Halloween may still be nearly eight weeks away, but don't tell the country's busiest theme parks that it's too early to get your trick or treat on. Comcast's (NASDAQ:CMCSA) Universal Orlando kicked off Halloween Horror Nights on Friday, the popular after-hours event featuring 10 richly detailed and, in some cases, licensed scare mazes, several scare zones, and an entire park full of fright-fueling revelry. Now in its 29th year, Halloween Horror Nights runs on select nights through the first weekend in November.
If it seems as if Comcast is getting an early jump on the popular holiday, it's actually not the first to get into the seasonal spirit. Disney (NYSE:DIS) launched Mickey's Not-So-Scary Halloween Party at Disney World's Magic Kingdom theme park in mid-August.
Disney and Comcast may be turning heads for taking a pumpkin spice latte approach for a mid-Fall holiday in the summer, but you can't blame them. Halloween is big business, and theme-park operators with popular holiday events will be making some serious money throughout the next few weeks.
Haunted when the minutes drag
Halloween Horror Nights is a major draw for Comcast-owned Universal Orlando, often drawing more guests to the nightly event than the visitors that Universal Studios Florida attracts during the day in this historically sleepy part of the operating calendar. Halloween Horror Nights is a separately ticketed event, and between the hot-selling Express passes that offer quicker access to the popular scare mazes and the even pricier guided tours and character meals offered as add-on experiences, the numbers add up for Comcast. With fixed costs a major part of the financial model for theme parks, these incremental hard-ticket events provide a healthy trickle of high-margin revenue for Disney and Comcast.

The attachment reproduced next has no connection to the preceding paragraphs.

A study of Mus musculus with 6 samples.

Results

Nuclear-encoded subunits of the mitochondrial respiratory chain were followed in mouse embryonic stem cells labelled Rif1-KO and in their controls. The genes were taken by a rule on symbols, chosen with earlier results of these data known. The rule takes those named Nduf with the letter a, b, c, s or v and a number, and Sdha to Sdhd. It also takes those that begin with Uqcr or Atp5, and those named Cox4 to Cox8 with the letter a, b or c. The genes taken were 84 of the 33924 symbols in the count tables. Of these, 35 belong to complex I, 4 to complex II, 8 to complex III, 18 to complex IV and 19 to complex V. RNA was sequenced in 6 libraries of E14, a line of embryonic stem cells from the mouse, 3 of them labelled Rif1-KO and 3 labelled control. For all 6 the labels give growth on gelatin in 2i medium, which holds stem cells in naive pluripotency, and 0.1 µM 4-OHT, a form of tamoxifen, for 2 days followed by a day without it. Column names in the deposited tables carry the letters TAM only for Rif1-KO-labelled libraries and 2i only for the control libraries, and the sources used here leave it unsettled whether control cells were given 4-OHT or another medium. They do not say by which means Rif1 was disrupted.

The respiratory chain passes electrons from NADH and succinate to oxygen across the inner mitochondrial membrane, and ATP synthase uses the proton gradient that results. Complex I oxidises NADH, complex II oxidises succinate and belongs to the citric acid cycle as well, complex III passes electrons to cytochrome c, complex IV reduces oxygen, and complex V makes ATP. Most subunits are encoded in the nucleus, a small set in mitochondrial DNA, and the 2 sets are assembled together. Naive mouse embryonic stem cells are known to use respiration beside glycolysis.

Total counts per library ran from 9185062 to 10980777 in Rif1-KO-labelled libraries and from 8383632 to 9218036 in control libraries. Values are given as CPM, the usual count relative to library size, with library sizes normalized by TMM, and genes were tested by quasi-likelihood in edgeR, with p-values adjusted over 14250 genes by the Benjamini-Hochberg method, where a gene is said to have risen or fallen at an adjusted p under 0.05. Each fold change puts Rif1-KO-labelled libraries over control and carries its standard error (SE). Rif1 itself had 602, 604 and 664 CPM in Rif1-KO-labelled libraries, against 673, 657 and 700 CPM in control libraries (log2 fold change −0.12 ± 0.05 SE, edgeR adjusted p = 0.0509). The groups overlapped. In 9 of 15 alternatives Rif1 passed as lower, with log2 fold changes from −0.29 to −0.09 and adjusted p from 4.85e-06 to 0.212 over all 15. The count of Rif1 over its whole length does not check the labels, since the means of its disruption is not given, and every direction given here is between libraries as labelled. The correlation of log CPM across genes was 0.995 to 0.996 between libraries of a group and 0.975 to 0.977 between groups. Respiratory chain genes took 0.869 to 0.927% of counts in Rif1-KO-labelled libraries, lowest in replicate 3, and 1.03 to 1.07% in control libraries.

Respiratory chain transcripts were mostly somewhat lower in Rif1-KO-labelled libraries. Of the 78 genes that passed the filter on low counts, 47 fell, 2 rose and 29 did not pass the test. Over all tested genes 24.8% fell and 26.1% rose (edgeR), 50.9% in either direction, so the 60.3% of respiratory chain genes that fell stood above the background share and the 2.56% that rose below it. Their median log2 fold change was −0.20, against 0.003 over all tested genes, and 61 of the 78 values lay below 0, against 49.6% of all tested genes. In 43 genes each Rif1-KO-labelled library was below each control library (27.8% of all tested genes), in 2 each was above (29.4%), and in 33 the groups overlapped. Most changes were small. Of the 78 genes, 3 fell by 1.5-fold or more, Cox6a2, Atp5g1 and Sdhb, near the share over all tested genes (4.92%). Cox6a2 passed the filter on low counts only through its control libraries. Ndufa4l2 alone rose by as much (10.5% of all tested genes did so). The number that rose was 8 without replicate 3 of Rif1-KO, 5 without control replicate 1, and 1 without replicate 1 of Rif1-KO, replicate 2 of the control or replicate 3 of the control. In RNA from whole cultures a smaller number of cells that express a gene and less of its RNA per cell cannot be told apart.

The two companies take different approaches to their biggest holiday events. Mickey's Not-So-Scary Halloween Party is a family-friendly affair loaded with candy stations and costumed-character greeting areas. Halloween Horror Nights is a far more intense event, with Comcast recommending -- but not enforcing -- that children under 13 not attend the scare-laden fete.
The popularity of the events seems to be growing with every passing year, and crowds may be even larger now that Disney has joined Comcast in offering a big-ticket pass that offers unlimited access to all of the season's parties. Investors will probably be watching how these next few weeks fare, as Disney and Comcast launching their Halloween parties earlier than last year might boost results in the current quarter for their turnstile click-hungry theme-park segments.
With recessionary fears lingering for an industry that's at the mercy of discretionary income, Disney and Comcast know that tricks are the best way to score financial treats.